Shading, a good angle, available space and many other factors play an important part in determining the feasibility of a solar installation. In fact, most households are not suitable for a solar panel installation. Is the bigger part of the population therefore not able to generate their own electricity with solar power?
Just in the last few years, new business models, which moves the solar panels from the rooftops of each individual home and into “community solar gardens”, has started appearing all over the country. These systems have many significant advantages over conventional solar setups; most important is the idea that everyone can participate, which undoubtedly will expand the solar market and spur new growth.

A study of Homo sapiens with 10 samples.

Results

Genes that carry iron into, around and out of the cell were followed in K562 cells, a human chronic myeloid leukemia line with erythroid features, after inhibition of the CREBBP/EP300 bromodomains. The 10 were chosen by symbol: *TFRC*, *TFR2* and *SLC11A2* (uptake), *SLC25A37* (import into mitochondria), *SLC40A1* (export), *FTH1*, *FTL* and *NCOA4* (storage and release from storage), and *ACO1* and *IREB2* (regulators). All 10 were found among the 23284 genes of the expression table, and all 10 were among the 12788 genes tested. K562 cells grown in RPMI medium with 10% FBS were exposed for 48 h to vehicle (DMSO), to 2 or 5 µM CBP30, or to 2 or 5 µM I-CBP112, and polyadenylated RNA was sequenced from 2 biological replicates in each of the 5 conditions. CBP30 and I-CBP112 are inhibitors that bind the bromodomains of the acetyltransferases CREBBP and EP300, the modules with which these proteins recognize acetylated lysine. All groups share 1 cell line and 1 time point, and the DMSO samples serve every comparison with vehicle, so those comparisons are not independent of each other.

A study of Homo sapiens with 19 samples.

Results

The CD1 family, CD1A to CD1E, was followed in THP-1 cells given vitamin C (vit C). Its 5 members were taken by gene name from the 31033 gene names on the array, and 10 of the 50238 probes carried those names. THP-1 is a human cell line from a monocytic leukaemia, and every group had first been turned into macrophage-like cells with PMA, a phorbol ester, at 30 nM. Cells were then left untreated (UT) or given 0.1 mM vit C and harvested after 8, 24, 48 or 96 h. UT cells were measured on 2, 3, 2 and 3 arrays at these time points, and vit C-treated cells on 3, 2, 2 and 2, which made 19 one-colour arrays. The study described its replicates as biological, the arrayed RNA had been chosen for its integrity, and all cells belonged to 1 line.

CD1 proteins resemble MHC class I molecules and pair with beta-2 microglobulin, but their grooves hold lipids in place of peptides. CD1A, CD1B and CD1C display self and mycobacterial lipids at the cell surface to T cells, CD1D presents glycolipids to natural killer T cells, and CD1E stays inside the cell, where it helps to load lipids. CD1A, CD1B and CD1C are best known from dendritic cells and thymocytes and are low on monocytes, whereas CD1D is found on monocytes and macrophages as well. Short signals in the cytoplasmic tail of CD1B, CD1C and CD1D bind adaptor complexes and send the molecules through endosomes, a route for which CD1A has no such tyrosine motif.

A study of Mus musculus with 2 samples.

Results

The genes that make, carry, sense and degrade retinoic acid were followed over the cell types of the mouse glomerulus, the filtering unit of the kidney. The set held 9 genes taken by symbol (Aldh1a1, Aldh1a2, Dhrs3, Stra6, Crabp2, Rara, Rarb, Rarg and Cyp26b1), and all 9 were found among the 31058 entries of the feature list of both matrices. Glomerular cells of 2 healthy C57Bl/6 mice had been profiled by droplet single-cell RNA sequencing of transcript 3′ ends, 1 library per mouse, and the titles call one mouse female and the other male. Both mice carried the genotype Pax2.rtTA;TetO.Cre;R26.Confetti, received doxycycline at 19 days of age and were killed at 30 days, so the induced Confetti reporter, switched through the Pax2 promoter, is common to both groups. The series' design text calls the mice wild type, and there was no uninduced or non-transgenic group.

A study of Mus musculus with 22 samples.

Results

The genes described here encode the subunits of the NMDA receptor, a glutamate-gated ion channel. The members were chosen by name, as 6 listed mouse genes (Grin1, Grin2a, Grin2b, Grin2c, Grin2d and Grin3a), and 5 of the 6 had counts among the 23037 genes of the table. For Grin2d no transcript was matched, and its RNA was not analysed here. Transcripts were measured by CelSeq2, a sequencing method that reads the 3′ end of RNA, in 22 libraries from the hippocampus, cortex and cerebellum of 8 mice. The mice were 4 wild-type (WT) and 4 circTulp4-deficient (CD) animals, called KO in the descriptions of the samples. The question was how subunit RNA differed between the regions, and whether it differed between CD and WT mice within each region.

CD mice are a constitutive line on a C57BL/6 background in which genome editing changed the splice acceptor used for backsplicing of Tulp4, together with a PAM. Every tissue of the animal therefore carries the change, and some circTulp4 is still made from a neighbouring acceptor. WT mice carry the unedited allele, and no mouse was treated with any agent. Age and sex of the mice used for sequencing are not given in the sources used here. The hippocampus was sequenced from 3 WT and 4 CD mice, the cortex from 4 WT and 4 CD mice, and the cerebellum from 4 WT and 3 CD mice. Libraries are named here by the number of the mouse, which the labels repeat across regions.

Net metering, or feed-in tariffs (used in some parts of the world), enables homes with solar panels to make use of their excess electricity production. When production exceeds consumption, homeowners can sell excess electricity back to the utility grid and receive bill credits (net metering) or direct payments (feed-in tariff schemes) – electricity that otherwise would require an inferior and expensive battery storage system, or even worse, be wasted.
Virtual net metering has been established in several states around the country, and is in the planning stages in many others. With a virtual net metering program, households can share their net metering “tab”, and each one of them can get credited on their energy costs according to how much they chipped in. This is the basic gist of how one community solar model could work, but as a matter of fact, virtual net metering is not necessarily required for a fully functioning solar garden.
The electrical utility or individual companies could operate the solar gardens, be in charge of installation, maintenance and manage subscribers.
Head over to The Solar Gardens Institute for a map over current established community solar gardens, and for more information on the topic.